RESTON, Virginia (February 27, 2013)—Graduate management education is becoming more global and more diverse, as a broader range of global applicants are sending their GMAT scores to different types of programs in different parts of the world, according to a trio of student mobility trend reports out today from the Graduate Management Admission Council.
“Test takers today have an increasing number of study opportunities with quality schools emerging all across the world, and more types of graduate level programs to consider,” said Alex Chisholm, GMAC director of statistical analysis. “Test takers sent scores to a record 5,281 programs in 2012, up 21 percent from 2008, reflecting growing interest in a variety of programs and study destinations.”
A record 286,529 GMAT exams were administered in testing year 2012 (ending June 30, 2012), with 831,337 score reports sent to MBA and other types of graduate management programs, according to the GMAC World Geographic Trend Report, which is being released along with the European Geographic Trend Report and the Asian Geographic Trend Report.
The record volume partially reflects increased interest in the GMAT exam with the addition of the Integrated Reasoning section on June 5, 2012. Historically, test volume rises just before changes are made to a standardized exam as test takers opt for a familiar format at the transition. GMAC administers the Graduate Management Admission Test, used in graduate business and management programs worldwide.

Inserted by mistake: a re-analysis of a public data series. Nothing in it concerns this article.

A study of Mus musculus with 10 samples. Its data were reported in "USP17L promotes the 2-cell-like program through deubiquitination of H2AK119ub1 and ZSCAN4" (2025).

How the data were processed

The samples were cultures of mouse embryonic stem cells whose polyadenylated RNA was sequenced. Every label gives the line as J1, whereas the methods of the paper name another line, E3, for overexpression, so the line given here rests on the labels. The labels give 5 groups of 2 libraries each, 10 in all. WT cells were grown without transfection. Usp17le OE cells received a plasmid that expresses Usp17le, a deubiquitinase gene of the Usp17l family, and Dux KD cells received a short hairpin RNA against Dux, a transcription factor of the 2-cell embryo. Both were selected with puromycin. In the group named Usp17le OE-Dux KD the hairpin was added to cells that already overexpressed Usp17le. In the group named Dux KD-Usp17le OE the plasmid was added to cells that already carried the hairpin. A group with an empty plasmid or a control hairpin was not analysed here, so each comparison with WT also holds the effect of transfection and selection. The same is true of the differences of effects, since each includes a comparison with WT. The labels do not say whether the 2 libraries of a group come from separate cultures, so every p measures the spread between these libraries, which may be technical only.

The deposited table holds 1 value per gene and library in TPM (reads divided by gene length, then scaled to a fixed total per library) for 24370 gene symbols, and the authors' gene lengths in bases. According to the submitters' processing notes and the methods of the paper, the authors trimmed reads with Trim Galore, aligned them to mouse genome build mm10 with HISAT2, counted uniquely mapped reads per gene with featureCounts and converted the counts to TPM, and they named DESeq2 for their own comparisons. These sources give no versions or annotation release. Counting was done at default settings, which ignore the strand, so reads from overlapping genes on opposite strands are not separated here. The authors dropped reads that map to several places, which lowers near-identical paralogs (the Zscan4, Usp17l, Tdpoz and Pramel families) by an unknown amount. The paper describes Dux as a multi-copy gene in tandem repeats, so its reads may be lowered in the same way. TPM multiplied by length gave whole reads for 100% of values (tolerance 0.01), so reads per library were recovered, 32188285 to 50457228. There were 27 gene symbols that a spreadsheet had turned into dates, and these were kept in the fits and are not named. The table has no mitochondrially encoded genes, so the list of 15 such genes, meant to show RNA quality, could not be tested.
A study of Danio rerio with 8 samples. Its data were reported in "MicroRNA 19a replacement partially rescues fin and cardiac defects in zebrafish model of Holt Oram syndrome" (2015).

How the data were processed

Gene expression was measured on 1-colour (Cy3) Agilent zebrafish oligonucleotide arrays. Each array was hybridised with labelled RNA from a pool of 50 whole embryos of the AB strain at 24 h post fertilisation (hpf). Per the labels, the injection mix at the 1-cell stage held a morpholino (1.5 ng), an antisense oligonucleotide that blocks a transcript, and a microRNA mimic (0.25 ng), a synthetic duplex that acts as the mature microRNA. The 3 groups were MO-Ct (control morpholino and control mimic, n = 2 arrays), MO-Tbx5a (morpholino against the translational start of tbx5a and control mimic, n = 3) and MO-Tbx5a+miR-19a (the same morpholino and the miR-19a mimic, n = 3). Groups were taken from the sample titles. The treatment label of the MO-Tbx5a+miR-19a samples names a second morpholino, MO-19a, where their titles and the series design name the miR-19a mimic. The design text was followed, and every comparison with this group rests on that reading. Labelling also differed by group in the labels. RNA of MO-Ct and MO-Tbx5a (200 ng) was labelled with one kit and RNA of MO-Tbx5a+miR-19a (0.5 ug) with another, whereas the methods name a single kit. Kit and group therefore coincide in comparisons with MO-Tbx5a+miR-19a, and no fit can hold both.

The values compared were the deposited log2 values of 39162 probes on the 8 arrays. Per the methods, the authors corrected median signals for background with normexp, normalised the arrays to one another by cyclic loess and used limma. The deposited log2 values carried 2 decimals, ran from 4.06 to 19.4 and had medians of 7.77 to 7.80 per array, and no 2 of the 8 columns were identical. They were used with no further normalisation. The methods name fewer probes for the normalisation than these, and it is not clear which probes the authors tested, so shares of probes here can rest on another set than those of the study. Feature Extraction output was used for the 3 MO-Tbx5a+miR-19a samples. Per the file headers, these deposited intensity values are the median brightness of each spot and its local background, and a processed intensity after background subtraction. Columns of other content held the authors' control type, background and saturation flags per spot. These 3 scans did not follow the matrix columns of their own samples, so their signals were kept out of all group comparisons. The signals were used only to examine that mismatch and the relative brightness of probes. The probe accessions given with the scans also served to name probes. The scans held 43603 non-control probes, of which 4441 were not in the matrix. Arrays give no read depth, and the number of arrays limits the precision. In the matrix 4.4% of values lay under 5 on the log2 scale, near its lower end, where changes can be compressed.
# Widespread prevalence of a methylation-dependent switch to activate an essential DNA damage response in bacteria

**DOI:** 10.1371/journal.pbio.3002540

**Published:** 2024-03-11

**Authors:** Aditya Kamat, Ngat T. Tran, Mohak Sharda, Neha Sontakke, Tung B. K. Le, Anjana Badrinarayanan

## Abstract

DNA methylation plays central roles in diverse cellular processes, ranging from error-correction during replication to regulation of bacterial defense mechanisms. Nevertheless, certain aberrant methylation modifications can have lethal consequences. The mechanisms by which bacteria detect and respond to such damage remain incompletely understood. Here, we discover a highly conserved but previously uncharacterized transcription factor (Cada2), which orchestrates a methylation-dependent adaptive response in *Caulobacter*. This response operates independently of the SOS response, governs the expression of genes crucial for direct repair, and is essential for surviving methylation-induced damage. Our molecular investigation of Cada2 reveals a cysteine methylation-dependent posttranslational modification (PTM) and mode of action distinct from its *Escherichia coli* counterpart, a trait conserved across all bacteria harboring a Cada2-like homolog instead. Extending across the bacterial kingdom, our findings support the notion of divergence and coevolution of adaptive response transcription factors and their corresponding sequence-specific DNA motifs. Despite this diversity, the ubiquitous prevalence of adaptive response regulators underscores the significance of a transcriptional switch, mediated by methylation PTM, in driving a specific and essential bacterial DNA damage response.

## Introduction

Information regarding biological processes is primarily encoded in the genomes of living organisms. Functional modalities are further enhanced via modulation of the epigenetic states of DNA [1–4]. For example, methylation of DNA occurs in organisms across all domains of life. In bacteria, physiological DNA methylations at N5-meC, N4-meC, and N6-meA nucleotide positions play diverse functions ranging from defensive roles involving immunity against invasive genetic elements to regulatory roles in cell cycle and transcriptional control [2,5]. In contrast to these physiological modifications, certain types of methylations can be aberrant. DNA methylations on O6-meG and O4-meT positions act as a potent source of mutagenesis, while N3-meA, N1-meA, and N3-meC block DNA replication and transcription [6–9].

Within the latest numbers are signs of increasing diversity. Key trends:
- GMAT testing outside of the United States continues to grow quickly, with tests taken by non-US citizens rising 19 percent from 2011 to 2012 and representing 59 percent of global GMAT volume.
- More test takers are sending their GMAT scores to specialized master’s degrees in business, such as master of accountancy, finance and management. In 2012, 29 percent of all scores were sent to specialized masters programs, up from 17 percent in 2008.
- The percentage of exams taken by women hit 43 percent in 2012—a record for the third straight year. Women made up the majority of test takers for citizen groups in China, Taiwan, Thailand, Vietnam, and Russia.
- More younger people are taking the exam, as the percentage of tests taken by those younger than 25 was 47 percent in 2012, up from 38 percent in 2008. More than half the Asian and European citizens taking the GMAT exam were under 25.
- GMAT testing in the United States picked up slightly in 2012 after falling from recessionary highs recorded in 2009. The percentage of US test takers sending their scores to US schools remains a world-leading 98 percent. The US remains the top score-sending destination, with 76 percent of score reports sent to the US.
With 58,196 exams taken in 2012, Chinese test takers are the second-largest citizenship group after the US and represent 20 percent of global testing. The proportion of scores Chinese citizens sent to the US was up slightly (78 percent in 2012, compared with 77 percent in 2008) as their interest in specialized master’s programs has increased — from 43 percent of scores sent in 2008 to 64 percent in 2012.
Indian citizens, the third-largest citizenship group, took 30,213 GMAT exams in 2012, and test takers are sending a higher percentage of scores to programs in India, the United Kingdom, Singapore, France and Canada.
European citizens sat for 24,847 GMAT exams in 2012, up 26 percent from 2008, and they sent more than 60 percent of their scores to programs in Europe, the highest level ever. Citizens of Germany, France, Russia, Italy and the UK together sat for more than half the region’s exams in 2012.
The World, Asian, and European Geographic Trend Reports are available at gmac.com/geographictrends.